Want to map the evolutionary path of a plant species? Chances are good that you’ll find yourself thumbing through the stacks in an herbarium sooner or later. Here at the NYBG, the Steere Herbarium maintains a growing collection of over seven million specimens, each one meticulously studied, notated, and cataloged for reference. But botanical science of this tier is first and foremost a visual affair, relying on naked-eye examinations and scanning electron microscopes to untangle origins, relations, and the timeline of a given plant’s life on earth–where it’s been, and where it will be in the future. Needless to say, the effort can be tedious. But thankfully, the speedy march of technology is closing the gap, promising a fresh range of tools for identifying species new and old.
Among them, genomics leads the charge.
Jenn Cable of the New York Genome Center points all eyes toward James Beck, a botanist out of Wichita, Kansas, with a keen understanding of the future of the science. Using cutting edge genetic analysis, he’s now working with Steere Herbarium specialists to look beyond the microscope and into the very DNA of the specimens we keep, turning long-shelved specimens (some centuries old) into treasure troves of evolutionary information.
My New Year’s resolution for 2013 is to finish up my holiday shopping before the holidays come and go, rather than after; it’s one I can never seem to stick to. For the rest of you, here’s hoping that this weekend will be a relaxing one. If you’re not working on Monday, I might also suggest you preface your fireworks and champagne with a stop at the NYBG, where the Holiday Train Show continues to run through mid-January alongside many of our other December activities. At the very least, I can promise you the open spaces and fresh air of the Garden will offer a little calm before you squeeze your way into Times Square.
However, if you’re still in retail mode, you’ll want to make a pit stop at our Shop in the Garden. We’re offering plenty of great gifts for the gardeners on your list that you may have overlooked, and much of what remains of our holiday stock is now 50% off! So if you’re the type of person who likes to plan well ahead when it comes to Christmas ornaments a wintry decor, now is your chance to load up.
For the Saturday crowd, the weather report promises a belatedly white Christmas in the Garden, something best experienced while wandering among the Benenson Ornamental Conifers. There’s something about snow-laden evergreens that flips all the right nostalgia switches, at least in my experience. And I probably don’t have to say it, but winter weather makes enjoying our toy trains and miniatures that much more iconic when snowflakes are brushing over the Conservatory glass.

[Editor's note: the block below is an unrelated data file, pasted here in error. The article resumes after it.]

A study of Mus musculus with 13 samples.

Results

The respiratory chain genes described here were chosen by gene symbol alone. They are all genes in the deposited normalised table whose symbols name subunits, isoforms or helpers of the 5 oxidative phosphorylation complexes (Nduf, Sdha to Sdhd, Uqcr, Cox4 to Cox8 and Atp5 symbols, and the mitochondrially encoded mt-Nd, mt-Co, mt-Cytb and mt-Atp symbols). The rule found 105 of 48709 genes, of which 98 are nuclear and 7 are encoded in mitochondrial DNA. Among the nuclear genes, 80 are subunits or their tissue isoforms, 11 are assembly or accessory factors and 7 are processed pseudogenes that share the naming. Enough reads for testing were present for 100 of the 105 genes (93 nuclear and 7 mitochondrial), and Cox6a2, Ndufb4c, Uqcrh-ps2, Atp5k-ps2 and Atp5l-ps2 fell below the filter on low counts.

Beauty pageants sweep the spectrum from bad reality TV to the Westminster Dog Show. But here, as you might have guessed, swimsuit competitions and obstacle courses aren’t all that high on our totem of concerns. Instead, our brand of popularity contest skips the stage glitz and gets right down to the core themes of plant competition: hardiness, longevity, and the aesthetic of the perfect flower. Over the course of next year’s American Garden Award selections, we’ll be pinning down the plants that best display those traits. Better yet, we’ll be doing it with everyone’s help!
Each year, the AGA organizers reveal an exclusive selection of top-rate flower cultivars, all in the running to become the next “Best in Show.” But as judgment by jury goes, we’re not talking about ivory tower botanists and professional rosarians behind a gavel. Nope, this is strictly a public affair–you, me, and anyone willing to chip in their two cents can vote. And with trial beds spread throughout nearly 30 botanical institutions across the United States, including the NYBG, that gives almost everyone a chance to pitch in and choose the next Miss America of the plant world.
Oconee bells (Shortia galacifolia) is a rare and wonderful relative of the wandflower (Galax urceolata). Its foliage is a diminutive version of the wandflower’s, with glossy round leaves showing wavy margins and striking venation. These glistening leaves and the striking patterns within them remind me of a shiny crocodile handbag. I suppose I should say faux crocodile handbag to be politically correct. That, and the pattern of the veins is different.
However, the flower is otherwise completely different from the wandflower. Shortia has pinkish white, bell-shaped flowers with jagged edges that appear in early spring. This small woodland groundcover (growing 4 to 8 inches tall) is a must for any woodland aficionado. I must warn you that it is not the easiest woodland plant to grow, but once established, it will do fine in your garden.
Oconee bells are from Oconee County and its surrounding areas in South and North Carolina. The region is full of lakes, rivers, deeply wooded forests and hilly terrain. The name Oconee is a derivation of the Cherokee word Ae-quo-nee, which means “land beside water.”